Local ranchers incorporate science to help with sustainability

“I’m responsible for making sure that the land and natural resources are at least in as good of – if not better- shape than when I started taking care of it,” said Dean Fish who manages a ranch along the U.S.-Mexico border in Nogales. “[It] all goes back to sustainability because I don’t want to do this for one year, I want to continue to do it and I also want to improve the productivity of the rangeland.”

Ranching is often attributed to deforestation and other environmental issues such as overgrazing and water pollution. However, Arizona ranchers are incorporating science to help create sustainable cattle congregations.

Last year, Michigan State University (MSU) evaluated adaptive multi-paddock (AMP) — or the practice of using high livestock densities for short durations between periods of forage rest to catalyze accelerated grass growth —  grass-fed operations and grain-fed, feedlot herds and found that cattle production can be beneficial to the environment.

“Globally, beef production can be taxing on the environment, leading to high greenhouse gas emissions and land degradation,” Jason Rowntree, MSU associate professor of animal science, who led the study said. “Our four-year study suggests that AMP grazing can potentially offset greenhouse gas emissions, and the finishing phase of beef production could be a net carbon sink, with carbon levels staying in the green rather than in the red.”

Fish, who grew up on a ranch, knew from an early age that he wanted to work in agriculture.

He received a bachelor’s and master’s in Animal Science and then worked at the University of Arizona (UA) in applied-sciences.

Now, Fish uses a mix of cultural knowledge and science to keep the ranch sustainable.

“You have to integrate the cultural knowledge about a piece of land with science,” Fish said. “[Looking at] the people who have worked that land, the ways that they have utilized it and grazed it; taking that into account because they’ve had the experience and knowledge of how that’s worked [and] blending that with science is the key.”

Fish has a three-prong sustainability ideology that includes using science to keep the ranch environmentally, economically, and socially sustainable.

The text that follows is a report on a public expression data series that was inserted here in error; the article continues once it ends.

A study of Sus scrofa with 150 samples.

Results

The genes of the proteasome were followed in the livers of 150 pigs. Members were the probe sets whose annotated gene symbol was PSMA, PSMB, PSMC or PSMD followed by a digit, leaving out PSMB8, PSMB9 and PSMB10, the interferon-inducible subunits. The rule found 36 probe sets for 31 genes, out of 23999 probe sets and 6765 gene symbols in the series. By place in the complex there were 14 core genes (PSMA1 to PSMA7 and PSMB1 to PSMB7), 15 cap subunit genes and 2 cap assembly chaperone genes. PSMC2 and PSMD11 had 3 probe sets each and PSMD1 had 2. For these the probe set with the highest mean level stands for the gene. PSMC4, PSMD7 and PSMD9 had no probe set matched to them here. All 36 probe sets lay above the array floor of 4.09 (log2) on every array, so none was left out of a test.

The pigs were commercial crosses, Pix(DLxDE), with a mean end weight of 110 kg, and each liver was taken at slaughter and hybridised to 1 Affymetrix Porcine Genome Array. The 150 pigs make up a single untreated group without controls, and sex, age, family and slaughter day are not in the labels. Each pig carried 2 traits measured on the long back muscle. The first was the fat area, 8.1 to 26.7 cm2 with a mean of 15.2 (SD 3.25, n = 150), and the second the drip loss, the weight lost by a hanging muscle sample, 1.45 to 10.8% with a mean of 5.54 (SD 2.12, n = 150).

Environmental sustainability is making sure the ranch is doing the best thing for the land. This includes improving the land and wildlife so that the ranch can be equally as productive the next year.

According to UA, grazing land is 73 percent of Arizona’s total land area.

If ranchers didn’t take care of the environment, they wouldn’t have anywhere to raise their cattle,” Lauren Scheller Maehling, Arizona Beef Council executive director, said. “Ranchers are environmentalists by every sense of the word. The original environmentalists because without a healthy environment on the ranch, we would not be able to raise healthy animals.”


Economically ranches need to remain profitable and efficient.

The UA reports that in Arizona, the total market value of capital assets of Arizona beef cattle operations is more than $5.2 billion and the beef industry contributed $431 million to Arizona’s GDP in 2013.

“You can’t manage what you don’t measure. That’s what science allows us to do, it allows us to measure the change. We come up with a hypothesis and we test that hypothesis and we’ll either prove or disprove it and change our management actions accordingly,” Fish said.

Every fall Fish’s ranch counts and identifies the types of grass that cover their ground and how well they are utilizing it. His ranch now has 39 years of collected data that allows him to track patterns.

“That science has allowed me to know over a period of time how many cows can sustainably be grazed on that piece of land without having detrimental effects on natural resources. That’s how we manage it, we measure what we have, measure what we utilize and make sure that there’s always access,” he said.


“[This] is not so much science-based [but] there’s a social aspect I have to be conscious of,” Fish said. “People want to know where food comes from and how it’s raised. So, I need to make sure that all my practices would be socially acceptable if someone who didn’t know about ranching came out and saw…how I interact with my cattle and the wildlife.”

According to Fish, in recent years the connection between ranchers and consumers has grown. Today, ranchers demonstrate their responsibility to customers by creating beef quality assurance programs, handling their animals and natural resources consciously, and providing animal health backgrounds.

According to the Arizona Beef Council, there are one million cattle and calves in Arizona, ranking us 31st in the nation. For more information about the cattle industry, click here.

Emily Richardson

Add comment

Subscribe to the Dry Heat

Get updates on the most important news delivered right to your email. Fully personalized options. No SPAM. Unsubscribe anytime.

Sign Me Up!

Let’s Get Social

Chamber Business News wants to connect with you. Follow us, tweet, share, post, comment... however you get social is the perfect way to connect.